The Taliban takeover of all of Afghanistan seems all but assured with the Islamist extremist group recently taking the capital, Kabul.
And while there are discussions taking place around the world, including in Canada, about whether countries should recognize – if at all – the new Taliban dictatorship, these discussions have largely surrounded the question of how foreign governments can support the Afghan people. But what has gone out of sight and out of mind is how widespread recognition of the Taliban could serve to significantly strengthen the regime, rather than serving as an important counter-balance to their extremist agenda.
Fortunately, there are significant parallels which the world can look to in order to understand the impact of appeasement on extremist Islamist terror organizations.
In 1982, in the face of incessant bombings from the Palestine Liberation Organization (PLO), which was using Lebanon as a staging ground for terrorist attacks against Israel, the Jewish State sought to end the violence, by launching Operation Peace for Galilee, which successfully uprooted the PLO. After Israel achieved its intended goals, the Israel Defense Forces withdrew from all of Lebanon, save for a tiny strip of land on the border called the Blue Line.
Hezbollah, an extremist Shia Islamist terror group based in southern Lebanon, had launched violent attacks against Israelis for decades, in an attempt to dislodge Israel, who stayed, recognizing the critical safety that the Blue Line provided.
But Israelis eventually grew tired of the ongoing attacks, and then-Prime Minister Ehud Barak unilaterally withdrew Israeli forces from the Blue Line in 2000, thinking that this would rob Hezbollah of its stated mandate to evict Israel from Lebanon, and would provide a long-standing peace.
That didn’t work. Hezbollah continued pursuing its mission, but greatly expanded its vision from the Lebanese-Israeli border, to destroying all of Israel. In 2006, Hezbollah launched a war with Israel which eventually killed approximately 1,300 Lebanese and 165 Israelis.
Hezbollah’s stance remains the same: “Israel has no legitimacy to exist at all and must be destroyed,” Hezbollah’s leader, Hassan Nasrallah, proclaimed at an Al Quds rally last year to commemorate his group’s ongoing war with Israel.
Five years later, Israel tried the same tactic with the Gaza Strip. The small coastal enclave, despite its rich Jewish history stretching back thousands of years, remained in Egyptian hands until the Six Day War, when it was secured by Israel, which gained it in a defensive battle against Egypt.
By 2005, nearly 10,000 Israeli Jews were living in the Strip, but attacks on them from nearby Palestinian terrorist groups were a regular occurrence, and Israelis were once again growing tired of the ongoing war of attrition.
As a result, in 2005, then-Prime Minister Ariel Sharon led the Unilateral Disengagement, when the Israeli military removed all Israeli civilians and soldiers from the Gaza Strip. “The purpose of the plan,” according to Israel’s ministry of foreign affairs, “was to improve Israel’s security and international status,” absent ongoing peace negotiations with the Palestinians.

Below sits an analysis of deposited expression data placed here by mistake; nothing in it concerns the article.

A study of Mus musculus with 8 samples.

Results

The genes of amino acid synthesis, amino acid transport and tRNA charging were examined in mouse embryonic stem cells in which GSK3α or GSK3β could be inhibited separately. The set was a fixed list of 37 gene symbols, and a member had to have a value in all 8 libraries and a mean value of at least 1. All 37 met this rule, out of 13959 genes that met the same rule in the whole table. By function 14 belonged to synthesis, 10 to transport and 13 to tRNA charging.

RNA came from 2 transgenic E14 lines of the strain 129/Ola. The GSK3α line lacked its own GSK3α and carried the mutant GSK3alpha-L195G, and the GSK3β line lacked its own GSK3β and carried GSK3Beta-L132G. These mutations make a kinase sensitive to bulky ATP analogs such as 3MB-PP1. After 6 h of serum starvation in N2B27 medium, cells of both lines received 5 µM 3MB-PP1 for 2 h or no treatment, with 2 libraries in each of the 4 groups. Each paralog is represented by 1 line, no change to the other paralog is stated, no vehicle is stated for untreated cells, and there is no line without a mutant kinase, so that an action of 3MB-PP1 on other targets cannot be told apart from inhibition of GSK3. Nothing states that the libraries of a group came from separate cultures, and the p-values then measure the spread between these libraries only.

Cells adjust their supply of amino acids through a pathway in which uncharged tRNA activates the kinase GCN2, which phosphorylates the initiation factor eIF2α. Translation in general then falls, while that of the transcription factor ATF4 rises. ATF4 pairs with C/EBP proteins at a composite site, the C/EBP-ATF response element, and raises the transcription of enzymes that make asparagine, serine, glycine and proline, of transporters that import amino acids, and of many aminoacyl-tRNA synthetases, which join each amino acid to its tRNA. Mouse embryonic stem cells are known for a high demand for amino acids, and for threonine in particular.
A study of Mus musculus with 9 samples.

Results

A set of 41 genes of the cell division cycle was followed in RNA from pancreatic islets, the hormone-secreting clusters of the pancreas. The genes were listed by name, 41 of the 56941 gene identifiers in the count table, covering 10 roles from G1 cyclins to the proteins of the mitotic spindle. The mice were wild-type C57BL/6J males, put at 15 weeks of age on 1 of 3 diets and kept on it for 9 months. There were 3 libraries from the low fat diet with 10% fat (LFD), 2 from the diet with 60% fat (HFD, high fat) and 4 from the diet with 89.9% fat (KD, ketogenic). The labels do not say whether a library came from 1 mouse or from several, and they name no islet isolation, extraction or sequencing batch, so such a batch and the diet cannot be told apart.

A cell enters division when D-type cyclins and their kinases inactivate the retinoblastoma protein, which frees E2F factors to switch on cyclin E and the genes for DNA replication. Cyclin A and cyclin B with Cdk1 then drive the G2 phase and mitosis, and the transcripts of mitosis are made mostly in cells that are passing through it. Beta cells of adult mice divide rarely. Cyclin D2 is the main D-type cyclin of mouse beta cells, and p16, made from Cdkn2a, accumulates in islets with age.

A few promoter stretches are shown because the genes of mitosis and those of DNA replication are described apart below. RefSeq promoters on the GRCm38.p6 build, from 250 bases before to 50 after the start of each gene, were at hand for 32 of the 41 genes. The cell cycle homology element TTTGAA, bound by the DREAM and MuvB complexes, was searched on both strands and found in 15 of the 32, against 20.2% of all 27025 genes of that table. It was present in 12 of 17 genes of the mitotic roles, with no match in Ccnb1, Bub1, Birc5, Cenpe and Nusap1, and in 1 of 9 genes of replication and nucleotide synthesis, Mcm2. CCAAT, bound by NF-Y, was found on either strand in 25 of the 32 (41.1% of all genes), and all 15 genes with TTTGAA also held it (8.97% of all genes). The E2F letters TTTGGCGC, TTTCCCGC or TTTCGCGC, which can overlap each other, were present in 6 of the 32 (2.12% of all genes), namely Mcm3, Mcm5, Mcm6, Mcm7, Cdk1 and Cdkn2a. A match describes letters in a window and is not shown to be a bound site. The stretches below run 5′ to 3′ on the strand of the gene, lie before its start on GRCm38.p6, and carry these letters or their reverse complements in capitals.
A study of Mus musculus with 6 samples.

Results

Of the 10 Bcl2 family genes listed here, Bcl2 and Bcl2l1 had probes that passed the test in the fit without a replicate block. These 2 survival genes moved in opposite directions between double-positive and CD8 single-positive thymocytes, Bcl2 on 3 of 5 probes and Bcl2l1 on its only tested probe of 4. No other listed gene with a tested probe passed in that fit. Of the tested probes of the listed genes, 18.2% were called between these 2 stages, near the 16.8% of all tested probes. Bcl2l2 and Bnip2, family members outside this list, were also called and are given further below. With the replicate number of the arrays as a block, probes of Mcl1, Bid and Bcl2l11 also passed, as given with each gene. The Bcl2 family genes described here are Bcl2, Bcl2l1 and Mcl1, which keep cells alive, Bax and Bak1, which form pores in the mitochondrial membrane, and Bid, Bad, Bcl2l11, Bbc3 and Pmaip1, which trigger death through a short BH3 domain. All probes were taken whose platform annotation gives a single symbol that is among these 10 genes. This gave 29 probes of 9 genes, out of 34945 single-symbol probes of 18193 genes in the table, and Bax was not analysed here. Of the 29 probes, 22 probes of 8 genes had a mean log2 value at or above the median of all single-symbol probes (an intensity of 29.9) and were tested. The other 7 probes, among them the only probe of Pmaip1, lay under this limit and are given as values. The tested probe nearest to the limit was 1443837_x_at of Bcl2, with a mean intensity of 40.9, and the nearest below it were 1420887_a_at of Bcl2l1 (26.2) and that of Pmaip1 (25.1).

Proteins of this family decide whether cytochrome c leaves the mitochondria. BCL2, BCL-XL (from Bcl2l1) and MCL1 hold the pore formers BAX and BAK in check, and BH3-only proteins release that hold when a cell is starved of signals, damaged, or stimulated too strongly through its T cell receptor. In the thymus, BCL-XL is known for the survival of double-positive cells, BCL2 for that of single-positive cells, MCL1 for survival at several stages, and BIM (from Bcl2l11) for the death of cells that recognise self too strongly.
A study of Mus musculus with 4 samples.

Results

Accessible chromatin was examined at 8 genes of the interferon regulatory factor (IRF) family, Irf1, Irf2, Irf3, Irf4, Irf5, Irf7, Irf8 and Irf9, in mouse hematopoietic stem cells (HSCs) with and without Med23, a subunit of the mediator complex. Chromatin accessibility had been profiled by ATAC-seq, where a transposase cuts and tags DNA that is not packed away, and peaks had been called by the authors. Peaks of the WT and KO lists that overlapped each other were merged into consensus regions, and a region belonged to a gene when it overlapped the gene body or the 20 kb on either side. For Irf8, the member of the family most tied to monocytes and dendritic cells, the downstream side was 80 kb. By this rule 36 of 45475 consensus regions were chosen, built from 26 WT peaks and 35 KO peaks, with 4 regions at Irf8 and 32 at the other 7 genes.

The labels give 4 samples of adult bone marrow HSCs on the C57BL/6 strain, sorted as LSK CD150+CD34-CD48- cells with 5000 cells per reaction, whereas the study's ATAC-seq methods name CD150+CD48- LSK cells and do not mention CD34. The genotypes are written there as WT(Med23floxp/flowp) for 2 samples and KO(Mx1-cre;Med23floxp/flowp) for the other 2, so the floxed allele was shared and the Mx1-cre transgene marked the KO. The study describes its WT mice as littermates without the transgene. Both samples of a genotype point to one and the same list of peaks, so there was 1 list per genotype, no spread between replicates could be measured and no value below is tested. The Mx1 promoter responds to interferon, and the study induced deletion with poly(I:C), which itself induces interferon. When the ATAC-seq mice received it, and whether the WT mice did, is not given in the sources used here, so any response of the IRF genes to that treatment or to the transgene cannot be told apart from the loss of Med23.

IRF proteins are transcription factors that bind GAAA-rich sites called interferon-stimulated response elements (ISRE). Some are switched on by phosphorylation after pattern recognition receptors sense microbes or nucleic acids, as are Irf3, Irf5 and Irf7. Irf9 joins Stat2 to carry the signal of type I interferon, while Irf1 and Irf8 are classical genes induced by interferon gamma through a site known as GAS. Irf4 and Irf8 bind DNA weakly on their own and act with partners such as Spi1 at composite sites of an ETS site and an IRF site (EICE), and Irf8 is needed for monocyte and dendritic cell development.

When Israel left Gaza, Hamas, the fanatical Sunni Islamist group, replaced them.
Hamas soon turned the entire Strip into their personal terrorist fiefdom. Since then, Hamas has run roughshod over the rights of Gaza’s two million inhabitants, including executing homosexuals, dissidents and preventing women from leaving their homes without a male escort.
Hamas has also ceaselessly launched wars of aggression against Israel, most recently just three months ago, when it fired four thousand rockets into Israeli population centres, purposefully trying to kill Israeli civilians.
In 2000 and 2005, Israel had the best of intentions, to replicate its successful “Land for Peace” deal with Egypt in 1979. But in exchange for giving up land, Israel gave Hezbollah and Hamas an even bigger win: the perception of loss and appeasement.
That is precisely why, years later, most Israelis recognized that disengagement had unintended consequences. Israel made two very difficult decisions, in 2000 and 2005, for the cause of peace, and Israel cannot turn back the clock and re-evaluate those decisions in light of the enormous boost it has provided to Hezbollah and Hamas.
But the rest of the world can learn from Israel’s experiences, and our media should understand that groups like Hamas, Hezbollah or the Taliban think beyond four year election terms, sloganeering, or what will help them win votes. They think long-term, and that means any concession the world makes now – through withdrawal, recognition or other diplomatic gifts – will only serve to benefit these terror groups for many more years to come.